D.C. Mayor Muriel Bowser has put her administration’s focus back on community with the launch of the city government’s “Fair Shot Toolkit” program, designed to help African-American Washingtonians interact with critical government services.
Though in the works for some time, the program was officially launched Saturday, Feb. 24 with the “African American Job + Prosperity Fair” held at the Walter E. Washington Convention Center.
The program, anchored by the “Fair Shot” document, features a series of programs that constituents felt were underutilized. Highlighted services included employment opportunities, small-business creation and senior services.
In a letter to the community launching the initiative, Bowser said her goal is to address the inequity African Americans have felt despite the District’s economic boom.
Rahman Branch, director of the Mayor’s Office on African American Affairs, said the office’s Commission on African American Affairs had a meeting with the mayor where they were informed of a host of resources they were previously unaware of.
“From that, the mayor charged the commission and the office with creating a toolkit that will really highlight all the different avenues and opportunities that exist so that African Americans can get their hands on something — like a directory they can work through to really access some of the things that we know other folks in the District are using around homeownership, around financial wellness, around health and wellness, around education — and make it in a palatable application,” Branch said.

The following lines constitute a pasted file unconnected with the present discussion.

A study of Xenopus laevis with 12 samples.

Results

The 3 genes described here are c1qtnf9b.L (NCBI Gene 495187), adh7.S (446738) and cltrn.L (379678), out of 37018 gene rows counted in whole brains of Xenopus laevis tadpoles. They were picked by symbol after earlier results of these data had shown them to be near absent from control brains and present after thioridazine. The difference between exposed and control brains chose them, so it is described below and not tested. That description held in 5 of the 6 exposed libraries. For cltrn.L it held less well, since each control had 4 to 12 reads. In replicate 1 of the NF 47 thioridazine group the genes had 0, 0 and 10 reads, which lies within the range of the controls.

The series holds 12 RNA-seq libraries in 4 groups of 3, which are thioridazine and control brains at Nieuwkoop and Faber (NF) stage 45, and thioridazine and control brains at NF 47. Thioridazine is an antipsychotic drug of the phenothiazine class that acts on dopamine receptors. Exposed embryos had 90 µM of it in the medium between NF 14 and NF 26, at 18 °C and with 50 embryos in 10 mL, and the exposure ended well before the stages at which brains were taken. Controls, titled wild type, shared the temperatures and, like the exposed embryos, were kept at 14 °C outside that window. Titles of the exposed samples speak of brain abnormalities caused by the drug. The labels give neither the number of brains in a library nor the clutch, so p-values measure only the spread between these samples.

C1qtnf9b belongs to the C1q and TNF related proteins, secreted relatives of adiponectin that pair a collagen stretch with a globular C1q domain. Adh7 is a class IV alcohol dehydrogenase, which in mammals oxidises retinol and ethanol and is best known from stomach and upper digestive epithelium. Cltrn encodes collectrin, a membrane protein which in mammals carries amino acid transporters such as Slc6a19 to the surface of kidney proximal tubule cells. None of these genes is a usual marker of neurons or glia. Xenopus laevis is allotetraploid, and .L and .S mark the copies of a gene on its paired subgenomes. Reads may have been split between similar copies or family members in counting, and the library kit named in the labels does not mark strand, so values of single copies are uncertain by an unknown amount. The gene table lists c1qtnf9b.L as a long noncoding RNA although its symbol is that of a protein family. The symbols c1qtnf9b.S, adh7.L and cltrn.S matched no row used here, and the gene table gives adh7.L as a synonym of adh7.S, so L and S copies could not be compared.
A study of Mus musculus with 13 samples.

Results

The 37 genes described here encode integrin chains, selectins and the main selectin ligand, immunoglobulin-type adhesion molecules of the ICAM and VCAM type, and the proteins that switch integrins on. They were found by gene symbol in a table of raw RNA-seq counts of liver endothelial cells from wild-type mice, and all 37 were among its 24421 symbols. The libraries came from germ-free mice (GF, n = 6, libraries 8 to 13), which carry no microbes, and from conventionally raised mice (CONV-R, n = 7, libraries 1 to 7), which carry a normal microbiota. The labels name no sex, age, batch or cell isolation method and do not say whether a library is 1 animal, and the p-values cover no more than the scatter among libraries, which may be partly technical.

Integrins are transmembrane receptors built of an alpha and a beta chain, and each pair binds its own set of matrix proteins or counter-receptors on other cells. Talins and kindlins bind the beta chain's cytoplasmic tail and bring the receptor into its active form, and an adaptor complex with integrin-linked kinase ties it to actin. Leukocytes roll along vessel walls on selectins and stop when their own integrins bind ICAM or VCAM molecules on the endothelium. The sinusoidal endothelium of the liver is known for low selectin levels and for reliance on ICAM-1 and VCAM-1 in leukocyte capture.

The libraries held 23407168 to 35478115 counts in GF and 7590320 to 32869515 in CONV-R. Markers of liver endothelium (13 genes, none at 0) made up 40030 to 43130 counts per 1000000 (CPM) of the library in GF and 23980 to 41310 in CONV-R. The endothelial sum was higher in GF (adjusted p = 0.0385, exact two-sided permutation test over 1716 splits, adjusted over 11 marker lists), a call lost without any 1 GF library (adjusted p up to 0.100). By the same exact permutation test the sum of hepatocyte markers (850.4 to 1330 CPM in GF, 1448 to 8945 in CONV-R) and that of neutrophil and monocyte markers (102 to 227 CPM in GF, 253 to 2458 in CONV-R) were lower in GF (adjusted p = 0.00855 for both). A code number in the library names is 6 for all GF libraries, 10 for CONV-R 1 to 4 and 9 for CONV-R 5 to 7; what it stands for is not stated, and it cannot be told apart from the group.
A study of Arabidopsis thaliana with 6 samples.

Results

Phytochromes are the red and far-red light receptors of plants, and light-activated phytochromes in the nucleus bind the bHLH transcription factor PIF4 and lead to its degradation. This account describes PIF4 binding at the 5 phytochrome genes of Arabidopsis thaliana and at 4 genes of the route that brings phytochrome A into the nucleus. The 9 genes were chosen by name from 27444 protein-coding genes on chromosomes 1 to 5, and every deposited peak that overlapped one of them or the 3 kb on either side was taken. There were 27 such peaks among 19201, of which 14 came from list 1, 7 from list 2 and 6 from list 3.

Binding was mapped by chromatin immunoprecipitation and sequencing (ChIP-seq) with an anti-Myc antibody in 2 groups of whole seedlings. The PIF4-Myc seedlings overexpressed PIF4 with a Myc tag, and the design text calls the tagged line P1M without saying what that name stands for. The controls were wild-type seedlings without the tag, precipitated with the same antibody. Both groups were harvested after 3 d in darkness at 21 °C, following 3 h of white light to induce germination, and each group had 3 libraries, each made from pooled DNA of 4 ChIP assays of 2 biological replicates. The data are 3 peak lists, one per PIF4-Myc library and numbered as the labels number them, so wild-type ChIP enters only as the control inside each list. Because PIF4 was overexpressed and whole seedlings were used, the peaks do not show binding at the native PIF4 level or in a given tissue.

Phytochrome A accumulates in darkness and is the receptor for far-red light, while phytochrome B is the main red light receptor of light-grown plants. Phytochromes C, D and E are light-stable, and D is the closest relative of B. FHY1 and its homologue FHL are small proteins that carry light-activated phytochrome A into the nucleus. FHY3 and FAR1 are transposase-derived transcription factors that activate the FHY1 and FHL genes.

Branch said the jobs fair was a natural complement to the “living document” that is the toolkit.
“We are presenting opportunities to folks that are live and in color and that you can access in real time,” he said.
In addition to job opportunities, the six-hour fair featured small-business owners, craftsman and makers.
The Congress Heights Arts and Culture Center featured its Soufside Creative brand as well as a live heat-pressing display.
“Everything about today is what we focus on,” said Keyonna Jones-Lindsay, the center’s executive director. “Everything that we try to do is [to] build small businesses, to build people in our neighborhood, specifically Black people. We try to focus on art and culture and show them how to find ways to monetize either their talent or what they’re just really good at so they can be economically stable. So this was perfect.”
Branch said the mayor’s office will continue to highlight the toolkit through a series of breakout sessions in wards throughout the community as well as other smaller fairs.
“Often what we miss in government is that we’re here to do a service and provide a series of services to the city so that residents can live their best lives and be their best selves,” he said.